Starting in 1995, formed by major telecommunications service providers and system vendors. The International Telecommunications Union (ITU) did further work, and standardized on two generations of PON. The older ITU-T G.983 standard was based on Asynchronous Transfer Mode (ATM), and has therefore been referred to as APON (ATM PON). Further improvements to the original APON standard – as well as the gradual falling out of favor of ATM as a protocol – led to the full, final version of ITU-T G.983 being referred to more often as broadband PON, or BPON. A typical APON/BPON provides 622 megabits per second (Mbit/s) (OC-12) of downstream bandwidth and 155 Mbit/s (OC-3) of upstream traffic, although the standard accommodates higher rates.
Passive Optical Networks (PON) are point-to-multipoint optical networks with no active elements in the signals’ path from source to destination. The only interior elements used in such networks are passive combiners, couplers, and splitters. It starts from the optical line terminal (OLT) in the central office and ends at the optical network (ONU) at the customer’s home
APON (ATM Passive Optical Network) first Passive optical network standard. It was used for business applications, and based on ATM.
BPON (Broadband PON) is commonly offered at 622 Mbps downstream and 155 Mbps upstream. Its ATM structure and bandwidth limits make it less than ideal for video. Development has stopped on BPON. BPON networks will over time be converted to EPON or GPON. There are approximately 2 million BPON users worldwide.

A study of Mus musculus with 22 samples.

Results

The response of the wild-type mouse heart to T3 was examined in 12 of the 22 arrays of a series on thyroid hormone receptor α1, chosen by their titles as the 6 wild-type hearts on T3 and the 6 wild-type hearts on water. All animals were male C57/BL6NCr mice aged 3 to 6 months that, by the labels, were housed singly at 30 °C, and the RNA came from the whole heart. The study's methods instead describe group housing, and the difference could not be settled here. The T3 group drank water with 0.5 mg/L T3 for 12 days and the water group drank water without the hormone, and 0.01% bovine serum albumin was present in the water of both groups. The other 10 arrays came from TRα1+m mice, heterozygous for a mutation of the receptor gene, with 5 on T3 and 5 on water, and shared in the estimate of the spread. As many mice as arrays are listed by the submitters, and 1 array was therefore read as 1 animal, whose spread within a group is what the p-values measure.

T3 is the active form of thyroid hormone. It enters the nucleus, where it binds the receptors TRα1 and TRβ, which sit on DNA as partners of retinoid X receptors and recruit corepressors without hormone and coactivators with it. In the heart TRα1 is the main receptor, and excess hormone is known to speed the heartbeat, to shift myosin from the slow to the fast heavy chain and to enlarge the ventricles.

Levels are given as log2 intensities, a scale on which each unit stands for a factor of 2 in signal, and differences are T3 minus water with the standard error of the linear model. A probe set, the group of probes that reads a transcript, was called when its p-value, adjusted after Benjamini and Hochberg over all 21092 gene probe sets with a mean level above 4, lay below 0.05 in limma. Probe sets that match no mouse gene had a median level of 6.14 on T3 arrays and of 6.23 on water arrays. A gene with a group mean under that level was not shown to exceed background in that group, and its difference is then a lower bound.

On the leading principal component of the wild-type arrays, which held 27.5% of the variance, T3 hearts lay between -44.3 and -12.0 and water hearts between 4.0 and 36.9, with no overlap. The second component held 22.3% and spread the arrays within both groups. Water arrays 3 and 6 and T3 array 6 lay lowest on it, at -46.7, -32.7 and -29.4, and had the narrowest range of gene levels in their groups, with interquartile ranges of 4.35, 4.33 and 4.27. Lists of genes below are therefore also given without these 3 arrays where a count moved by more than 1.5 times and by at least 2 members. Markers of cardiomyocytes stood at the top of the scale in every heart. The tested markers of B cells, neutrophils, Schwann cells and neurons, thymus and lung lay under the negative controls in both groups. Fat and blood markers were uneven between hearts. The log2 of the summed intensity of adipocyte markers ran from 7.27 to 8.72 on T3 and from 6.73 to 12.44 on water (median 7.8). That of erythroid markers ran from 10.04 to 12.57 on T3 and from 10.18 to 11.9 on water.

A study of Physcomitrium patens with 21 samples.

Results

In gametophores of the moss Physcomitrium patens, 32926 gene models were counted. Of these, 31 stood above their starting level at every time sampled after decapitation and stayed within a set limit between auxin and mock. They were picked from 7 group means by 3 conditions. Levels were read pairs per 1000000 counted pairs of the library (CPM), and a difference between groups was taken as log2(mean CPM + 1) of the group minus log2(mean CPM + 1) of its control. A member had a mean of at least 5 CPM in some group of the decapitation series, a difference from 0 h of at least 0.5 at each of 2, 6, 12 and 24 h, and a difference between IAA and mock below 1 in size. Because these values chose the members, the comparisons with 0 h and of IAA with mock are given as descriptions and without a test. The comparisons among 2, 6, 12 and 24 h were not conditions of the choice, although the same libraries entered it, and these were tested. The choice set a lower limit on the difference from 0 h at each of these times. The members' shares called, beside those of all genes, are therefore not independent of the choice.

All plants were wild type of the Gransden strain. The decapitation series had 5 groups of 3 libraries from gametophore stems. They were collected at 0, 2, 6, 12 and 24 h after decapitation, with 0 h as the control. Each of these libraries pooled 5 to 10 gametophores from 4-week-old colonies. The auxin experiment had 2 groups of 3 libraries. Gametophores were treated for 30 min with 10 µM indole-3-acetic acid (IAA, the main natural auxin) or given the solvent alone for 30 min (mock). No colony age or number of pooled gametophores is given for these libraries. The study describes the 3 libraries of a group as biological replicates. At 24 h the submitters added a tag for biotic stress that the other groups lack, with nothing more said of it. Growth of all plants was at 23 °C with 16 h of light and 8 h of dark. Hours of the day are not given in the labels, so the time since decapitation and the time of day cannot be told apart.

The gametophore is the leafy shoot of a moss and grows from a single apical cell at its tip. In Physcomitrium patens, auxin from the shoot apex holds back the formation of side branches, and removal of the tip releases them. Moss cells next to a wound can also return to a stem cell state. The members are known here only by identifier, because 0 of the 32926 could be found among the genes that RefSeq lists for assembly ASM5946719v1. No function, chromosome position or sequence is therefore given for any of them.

EPON (Ethernet PON) generally delivers 1 Gbit/s symmetrical bandwidth.Employs a single Layer 2 network that uses Internet Protocol (IP) to carry data, voice, and video, generally delivers 1 Gbit/s symmetrical bandwidth. Costs of EPON equipment are approximately 10 percent of the costs of GPON equipment because it does not require multi-protocol conversions, and the result is a lower cost of silicon. In GPON, there are three management systems for the three Layer protocols. EPON equipment is rapidly becoming cost competitive with VDSL.
GE-PON (for Gigabit Ethernet PON) has a higher installed volume than all other PON technologies combined. EPON is found widely in Asia.
GPON (Gigabit Ethernet PON) provides three Layer 2 networks: ATM for voice, Ethernet for data and proprietary encapsulation for voice. Promises 1.25 Gbit/s or 2.5 Gbit/s downstream and upstream bandwidths scalable from 155 Mbit/s to 2.5 Gbit/s. GPON does not support multi-cast services. This makes support for IP video more bandwidth-consuming.
PON technology is getting more and more attention by the telecommunication industry as the “last mile” solution. Advantages of using a PON for local access networks are numerous:
(a) Tree topology (c) Ring topology
(b) Bus topology (d) Tree with redundant trunk
Difficult to say GPON is better than EPON, or vice verse. They have their +- When we talk about IP/Ethernet services, EPON is more suitable and cost effective. While GPON has its own benefits in higher bandwidth, faster transmission rate and supporting triple-play services. I can say EPON is still the mainstream of PON, especially in the Asian countries, but GPON is expanding in a nice way.